A former captain of mine, now a chief at another department, recently asked me how we can better screen officers in the pre–employment process. He seemed to be concerned about officers leaving the job, going off on stress leave or getting in trouble while on the job. I doubt he is the only administrator who is concerned about employee retention during a time when officers are leaving the profession in droves.
My response was likely not what he expected. I told him that it wasn’t the inadequacy of screening officers that was the problem. It was our failure to take care of them once they were hired. In short, it wasn’t that a bad apple made it through the process. It was that a good apple, maybe green at first, became bruised over time. I’ll offer some background for this belief.
When I was an officer, I was “voluntold” to be on a discipline consistency committee in my agency. I wasn’t happy about it. Now, I’m glad that I had that experience. I learned that officers have problems for one of three key reasons: 1) they’re a bad apple — the person who was not screened out of the profession but should have been; 2) they’re a green apple — an officer who is new and made a mistake based on lack of experience and/or training; or 3) they’re a bruised apple — the officer is hurting from the bumps and bruises of the job and/or personal life. Their decision-making was compromised, and they needed help. My work as a first responder clinician supports these categorizations.
Occasionally, a bad apple will make it through the background and psychological screening process. It is likely very rare. The signs are usually there from the beginning. Unfortunately, the signs aren’t always heeded until something terrible happens. I’ve worked with a bad apple. He cut corners and dodged calls from the start. He didn’t last long.
Typically, green apples are officers who are new to policing or new to their assignment. Interviewing them about the problematic behavior should readily reveal if they understand their role expectations and have the competency to perform them. Some will not openly reveal their uncertainty about how to handle a call, as they may have what Dr. Carol Dweck, author of Mindset,1 refers to as a “fixed mindset.” Individuals with a fixed mindset are afraid to say that they don’t understand something, believing that it says something negative about their intellect or overall goodness as a person. The individual may think they’re not a good officer if they have to ask questions that others don’t seem to be asking. Individuals with a “growth mindset” are comfortable with not knowing everything, as they know that it is quite normal. They are open to disclosing that and asking for guidance. A growth mindset should be cultivated in every employee, especially in the policing profession. Mentorship programs can achieve this.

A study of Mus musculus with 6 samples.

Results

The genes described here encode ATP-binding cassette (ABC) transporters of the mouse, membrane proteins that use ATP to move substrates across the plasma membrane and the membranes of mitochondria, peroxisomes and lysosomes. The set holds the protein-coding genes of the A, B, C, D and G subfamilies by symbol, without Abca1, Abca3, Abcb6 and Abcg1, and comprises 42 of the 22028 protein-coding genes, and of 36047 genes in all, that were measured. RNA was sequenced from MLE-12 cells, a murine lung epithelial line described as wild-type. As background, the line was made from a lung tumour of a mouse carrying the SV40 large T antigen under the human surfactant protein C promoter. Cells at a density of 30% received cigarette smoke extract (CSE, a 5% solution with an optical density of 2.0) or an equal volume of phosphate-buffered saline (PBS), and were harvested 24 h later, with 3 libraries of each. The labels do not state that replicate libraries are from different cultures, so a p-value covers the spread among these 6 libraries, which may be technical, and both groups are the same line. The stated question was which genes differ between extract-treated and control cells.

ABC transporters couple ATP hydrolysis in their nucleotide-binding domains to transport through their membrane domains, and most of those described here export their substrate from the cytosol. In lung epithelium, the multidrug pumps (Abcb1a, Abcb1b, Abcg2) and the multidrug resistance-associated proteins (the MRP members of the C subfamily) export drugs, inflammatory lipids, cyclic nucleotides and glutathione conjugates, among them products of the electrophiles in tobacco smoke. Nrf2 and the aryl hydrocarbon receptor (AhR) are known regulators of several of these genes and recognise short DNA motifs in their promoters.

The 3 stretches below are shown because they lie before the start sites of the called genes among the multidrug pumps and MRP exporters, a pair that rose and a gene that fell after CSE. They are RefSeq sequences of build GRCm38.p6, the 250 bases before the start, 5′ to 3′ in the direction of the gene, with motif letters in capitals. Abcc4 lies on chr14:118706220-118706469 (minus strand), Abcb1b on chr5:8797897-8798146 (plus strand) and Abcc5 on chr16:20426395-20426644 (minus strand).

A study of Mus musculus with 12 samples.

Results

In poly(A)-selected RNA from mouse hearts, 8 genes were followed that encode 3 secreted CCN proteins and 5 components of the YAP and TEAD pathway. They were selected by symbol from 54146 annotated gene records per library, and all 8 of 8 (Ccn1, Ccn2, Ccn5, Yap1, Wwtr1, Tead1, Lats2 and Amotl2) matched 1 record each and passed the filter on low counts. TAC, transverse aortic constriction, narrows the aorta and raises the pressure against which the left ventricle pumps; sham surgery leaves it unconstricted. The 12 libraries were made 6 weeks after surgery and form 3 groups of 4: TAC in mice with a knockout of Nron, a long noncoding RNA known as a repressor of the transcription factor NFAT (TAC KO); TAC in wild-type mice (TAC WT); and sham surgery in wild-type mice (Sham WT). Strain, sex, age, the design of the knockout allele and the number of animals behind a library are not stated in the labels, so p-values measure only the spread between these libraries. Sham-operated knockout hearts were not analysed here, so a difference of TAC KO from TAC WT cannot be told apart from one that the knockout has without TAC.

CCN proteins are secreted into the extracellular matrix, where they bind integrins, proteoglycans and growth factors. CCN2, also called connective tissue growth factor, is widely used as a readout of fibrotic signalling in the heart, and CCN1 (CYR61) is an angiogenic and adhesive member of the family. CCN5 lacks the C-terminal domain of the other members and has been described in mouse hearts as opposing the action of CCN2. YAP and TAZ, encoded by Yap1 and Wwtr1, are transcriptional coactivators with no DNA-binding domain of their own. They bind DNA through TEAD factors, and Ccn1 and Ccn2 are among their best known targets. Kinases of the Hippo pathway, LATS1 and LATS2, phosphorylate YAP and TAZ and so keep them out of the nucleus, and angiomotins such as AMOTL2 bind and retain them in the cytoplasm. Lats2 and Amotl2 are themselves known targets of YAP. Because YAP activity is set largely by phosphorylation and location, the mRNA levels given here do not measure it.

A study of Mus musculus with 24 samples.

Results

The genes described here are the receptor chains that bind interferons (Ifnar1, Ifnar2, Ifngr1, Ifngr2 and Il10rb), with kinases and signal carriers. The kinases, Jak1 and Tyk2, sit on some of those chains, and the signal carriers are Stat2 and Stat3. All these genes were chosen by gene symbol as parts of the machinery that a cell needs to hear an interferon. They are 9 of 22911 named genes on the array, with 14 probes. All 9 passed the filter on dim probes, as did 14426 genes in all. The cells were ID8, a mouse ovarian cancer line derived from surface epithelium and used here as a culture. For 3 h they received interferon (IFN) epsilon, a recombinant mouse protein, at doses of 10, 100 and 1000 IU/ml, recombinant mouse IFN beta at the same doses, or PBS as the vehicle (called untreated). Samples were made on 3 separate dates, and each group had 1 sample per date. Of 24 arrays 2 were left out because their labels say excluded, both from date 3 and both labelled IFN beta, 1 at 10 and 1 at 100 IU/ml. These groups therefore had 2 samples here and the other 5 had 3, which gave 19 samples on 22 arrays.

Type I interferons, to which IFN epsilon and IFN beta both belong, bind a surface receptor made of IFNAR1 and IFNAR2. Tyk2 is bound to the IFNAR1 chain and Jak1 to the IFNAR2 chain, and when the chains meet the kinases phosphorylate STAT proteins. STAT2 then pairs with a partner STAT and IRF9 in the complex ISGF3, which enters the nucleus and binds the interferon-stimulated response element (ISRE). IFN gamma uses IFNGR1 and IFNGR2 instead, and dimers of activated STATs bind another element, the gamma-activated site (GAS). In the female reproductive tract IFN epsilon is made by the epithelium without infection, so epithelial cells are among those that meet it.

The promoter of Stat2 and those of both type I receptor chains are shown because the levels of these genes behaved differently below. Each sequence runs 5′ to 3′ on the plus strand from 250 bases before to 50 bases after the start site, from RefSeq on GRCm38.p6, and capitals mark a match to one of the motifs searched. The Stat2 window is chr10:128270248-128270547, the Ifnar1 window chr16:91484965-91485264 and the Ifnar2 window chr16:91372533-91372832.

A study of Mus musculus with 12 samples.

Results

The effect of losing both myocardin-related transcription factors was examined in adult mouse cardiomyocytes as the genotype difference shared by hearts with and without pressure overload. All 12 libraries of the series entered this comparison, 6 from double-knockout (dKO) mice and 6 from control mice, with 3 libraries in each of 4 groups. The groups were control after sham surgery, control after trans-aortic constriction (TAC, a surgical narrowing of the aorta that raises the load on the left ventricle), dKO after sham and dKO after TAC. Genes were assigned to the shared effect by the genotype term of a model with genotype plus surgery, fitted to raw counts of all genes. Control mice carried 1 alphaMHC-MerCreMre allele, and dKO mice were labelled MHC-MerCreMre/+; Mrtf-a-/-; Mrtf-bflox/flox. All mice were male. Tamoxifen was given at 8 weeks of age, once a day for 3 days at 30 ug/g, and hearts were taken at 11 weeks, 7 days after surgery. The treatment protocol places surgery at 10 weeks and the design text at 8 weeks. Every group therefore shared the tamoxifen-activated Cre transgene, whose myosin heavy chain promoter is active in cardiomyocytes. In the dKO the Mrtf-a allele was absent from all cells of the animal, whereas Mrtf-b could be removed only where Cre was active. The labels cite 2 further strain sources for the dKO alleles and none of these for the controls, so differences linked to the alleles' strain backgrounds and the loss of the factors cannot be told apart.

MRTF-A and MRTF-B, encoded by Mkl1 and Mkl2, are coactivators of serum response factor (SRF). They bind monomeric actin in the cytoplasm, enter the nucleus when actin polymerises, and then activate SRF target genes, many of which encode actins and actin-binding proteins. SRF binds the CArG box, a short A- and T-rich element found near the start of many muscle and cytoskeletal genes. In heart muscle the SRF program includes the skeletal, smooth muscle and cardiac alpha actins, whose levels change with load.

Bruised apples sometimes look like bad ones because they make bad choices. The key to distinguishing them from the bad is to look for either a gradual decline or sudden change in their performance. Recently, I spoke with a retired officer who reviewed his employee evaluations for his own reflection and awareness and saw the decline in how he was performing on the job. Does the gal who used to lead the team in arrests now do the bare minimum? Does the guy who used to receive accolades from the community now receive complaints? Obviously, you have to consider other factors that might explain a change in these circumstances (anti-police sentiment, changes in law enforcement practices, etc.). If supervisors notice a gradual decline in an officer’s performance, it would be important to talk with them about what is contributing to the decline. It isn’t the supervisor’s role to problem solve with the officer for personal or mental health issues, but it is their responsibility to recognize that additional support is needed and refer them to their employee assistance program and/or a local first responder clinician. It’s a hard conversation to have, but it’s a lot easier than watching them go downhill and then punish them for bad behavior when they crash at the bottom.
It’s important to investigate which situation you have since problematic behaviors should be treated based on their reason. Bad apples should be terminated, green apples should be given training and mentorship, while bruised apples deserve support to restore their well-being. This, in turn, can help them return to effective policing practices.
As seen in the September 2021 issue of American Police Beat magazine.